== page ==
There are many ways to tailor your college experience, and joining a sorority is one strategy to build friendships and find networking opportunities that can help you later in life. However, there is a financial commitment involved with joining a sorority. Here’s what to expect out of sorority dues, what you get for the investment and how to decide if joining a sorority is worth it.
How much does it cost to be in a sorority?
Sorority costs vary by school and the sorority you want to join. Once you decide on a school, a little bit of research can help you figure out which sorority might fit your needs. From there, you can check the sorority or school website for information on pricing for your first year.
For example, at Ball State University, students typically pay around $850 per semester for the first year of membership in a sorority, though dues may go down significantly in subsequent years.
Of course, some sorority dues are considerably higher than average, and that all depends on where you’re attending college. At the University of South Dakota, the average cost for a semester in 2019, including meals, housing and chapter dues and fees, totaled around $3,200. Also remember that most sororities charge a one-time intake fee when you join, which can cost $800 or more.
Is it cheaper to live in a sorority or dorms?
Depending on where you attend college and the other lodging options available, living in a sorority house may be cheaper than living in a dorm.
At the University of Georgia, for example, the average cost of living in a sorority house is $4,300 per semester and includes all membership dues and fees, as well as meals. Pricing for other on-campus housing at UGA runs from around $2,500 to $4,200 per semester, not including a meal plan — which can add an additional $1,300 to $2,300 per semester.
Is a sorority worth the cost?
Sororities come with some benefits that you can’t find elsewhere. Of course, sorority membership perks can vary based on your unique experience, where you live, the program you join and other factors.
Friendship and camaraderie
If you are heading off to college and worried about making friends, joining a sorority can help tremendously. After all, you will instantly belong to an organization with many members who may share common goals.
While each sorority is different, joining Greek life means that you’ll have a full roster of events you can attend while you build friendships.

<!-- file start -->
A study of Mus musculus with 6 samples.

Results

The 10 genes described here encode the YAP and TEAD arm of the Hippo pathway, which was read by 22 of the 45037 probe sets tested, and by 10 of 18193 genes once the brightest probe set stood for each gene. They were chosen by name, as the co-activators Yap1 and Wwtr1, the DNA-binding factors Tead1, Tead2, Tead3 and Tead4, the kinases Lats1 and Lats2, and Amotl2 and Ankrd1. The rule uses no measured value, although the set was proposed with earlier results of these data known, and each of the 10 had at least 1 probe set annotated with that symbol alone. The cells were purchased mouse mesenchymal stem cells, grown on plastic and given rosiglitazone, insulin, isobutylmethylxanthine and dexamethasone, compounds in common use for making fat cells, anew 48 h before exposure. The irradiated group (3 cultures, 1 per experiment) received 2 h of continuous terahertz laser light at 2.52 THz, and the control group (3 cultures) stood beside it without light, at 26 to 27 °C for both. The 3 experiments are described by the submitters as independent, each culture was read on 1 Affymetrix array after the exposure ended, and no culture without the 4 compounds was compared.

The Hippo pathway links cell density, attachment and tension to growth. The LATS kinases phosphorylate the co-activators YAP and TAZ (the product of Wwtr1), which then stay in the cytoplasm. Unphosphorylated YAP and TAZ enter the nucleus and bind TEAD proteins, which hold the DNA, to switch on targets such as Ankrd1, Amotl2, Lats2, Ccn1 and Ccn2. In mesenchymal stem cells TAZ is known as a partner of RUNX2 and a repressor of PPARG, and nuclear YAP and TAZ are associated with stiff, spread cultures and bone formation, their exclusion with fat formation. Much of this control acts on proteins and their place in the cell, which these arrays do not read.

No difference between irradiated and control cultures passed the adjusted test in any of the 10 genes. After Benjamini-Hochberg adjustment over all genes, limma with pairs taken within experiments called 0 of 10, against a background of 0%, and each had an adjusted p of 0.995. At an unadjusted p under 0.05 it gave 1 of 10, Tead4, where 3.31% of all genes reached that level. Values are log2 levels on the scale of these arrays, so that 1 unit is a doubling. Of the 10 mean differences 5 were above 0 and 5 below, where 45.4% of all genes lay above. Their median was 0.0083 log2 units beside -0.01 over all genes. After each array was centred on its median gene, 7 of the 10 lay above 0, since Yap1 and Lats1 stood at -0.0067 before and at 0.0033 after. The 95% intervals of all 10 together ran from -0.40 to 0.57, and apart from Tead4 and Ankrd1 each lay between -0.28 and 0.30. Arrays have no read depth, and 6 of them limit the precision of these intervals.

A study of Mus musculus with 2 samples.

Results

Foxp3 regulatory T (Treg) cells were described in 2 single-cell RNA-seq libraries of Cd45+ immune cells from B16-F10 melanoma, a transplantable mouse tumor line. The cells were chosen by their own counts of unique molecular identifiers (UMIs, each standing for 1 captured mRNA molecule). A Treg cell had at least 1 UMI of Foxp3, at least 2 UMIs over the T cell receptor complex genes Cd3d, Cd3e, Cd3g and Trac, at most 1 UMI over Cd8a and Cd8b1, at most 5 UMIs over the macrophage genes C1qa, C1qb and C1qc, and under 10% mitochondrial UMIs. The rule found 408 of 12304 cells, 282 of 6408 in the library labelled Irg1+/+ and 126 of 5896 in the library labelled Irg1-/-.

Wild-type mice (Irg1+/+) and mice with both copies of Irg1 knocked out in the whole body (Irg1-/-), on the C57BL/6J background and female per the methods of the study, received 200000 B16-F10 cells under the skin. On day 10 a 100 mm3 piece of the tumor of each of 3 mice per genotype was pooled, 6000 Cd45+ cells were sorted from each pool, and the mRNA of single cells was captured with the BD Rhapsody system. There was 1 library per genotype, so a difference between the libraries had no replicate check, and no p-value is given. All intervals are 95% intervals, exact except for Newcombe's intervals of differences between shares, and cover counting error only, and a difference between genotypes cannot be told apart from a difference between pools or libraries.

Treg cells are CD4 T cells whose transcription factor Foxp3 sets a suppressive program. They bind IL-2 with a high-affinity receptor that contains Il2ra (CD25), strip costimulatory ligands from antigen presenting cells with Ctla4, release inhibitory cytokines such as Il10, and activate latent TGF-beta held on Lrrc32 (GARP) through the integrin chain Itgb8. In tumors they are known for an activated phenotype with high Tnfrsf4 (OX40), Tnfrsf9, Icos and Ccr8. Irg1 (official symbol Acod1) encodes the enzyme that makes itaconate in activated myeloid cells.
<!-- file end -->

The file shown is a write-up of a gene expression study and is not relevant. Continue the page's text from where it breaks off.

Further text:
Potential academic benefits
Fraternities and sororities tend to help with the transition from a structured learning environment to a more flexible college campus, since they can help you find study partners and connect you with upperclassmen who have found a way to make college work.
Joining a sorority is also a great way to set yourself up for future career success, since you’ll graduate college with an affiliation to a nationwide network of alumni members.
It’s common for former sorority members to help the next generation with career recommendations and advice, as well as job leads in their field.
How to join a sorority
While the process for joining a sorority depends on the organization and school, you’ll typically need to take the following steps to get started:
- Attend an orientation session and other events. This step typically involves attending a session or meeting that introduces you to sorority principles and other distinctions of Greek life. Depending on the sorority, you can also attend meet-and-greets, open houses and other events.
- Weigh the financial commitment. College is already expensive enough, so you should think long and hard about taking on the extra costs of sorority membership. If you have to pay for sorority dues from your student loan proceeds, you should also factor in how long it will take you to pay off your loans.
- Participate in the recruitment or intake process. Once you’ve decided to join a sorority, you can take the steps to apply for sorority membership, a process that varies widely from school to school. Some organizations are much more formal when it comes to their recruitment activities, while other schools accept your attendance at events as your application of membership. You’ll typically need to pay a registration fee in order to sign up for recruitment.
- Receive bids. Once you’ve attended a number of recruitment events, you’ll need to wait to receive “bids” from sororities that would like you to join their house. If you receive several bids, you can choose the sorority that feels right for you and officially accept that bid, though you may be under a time constraint.
The bottom line
Sorority membership isn’t free, but that doesn’t necessarily mean it’s not worth it. At the end of the day, individuals who are considering Greek life should think about what they hope to gain from joining a sorority before making a financial commitment. Even if sorority costs are equal to or greater than what you’d pay for other housing, the social and academic benefits could be enough to persuade you to rush.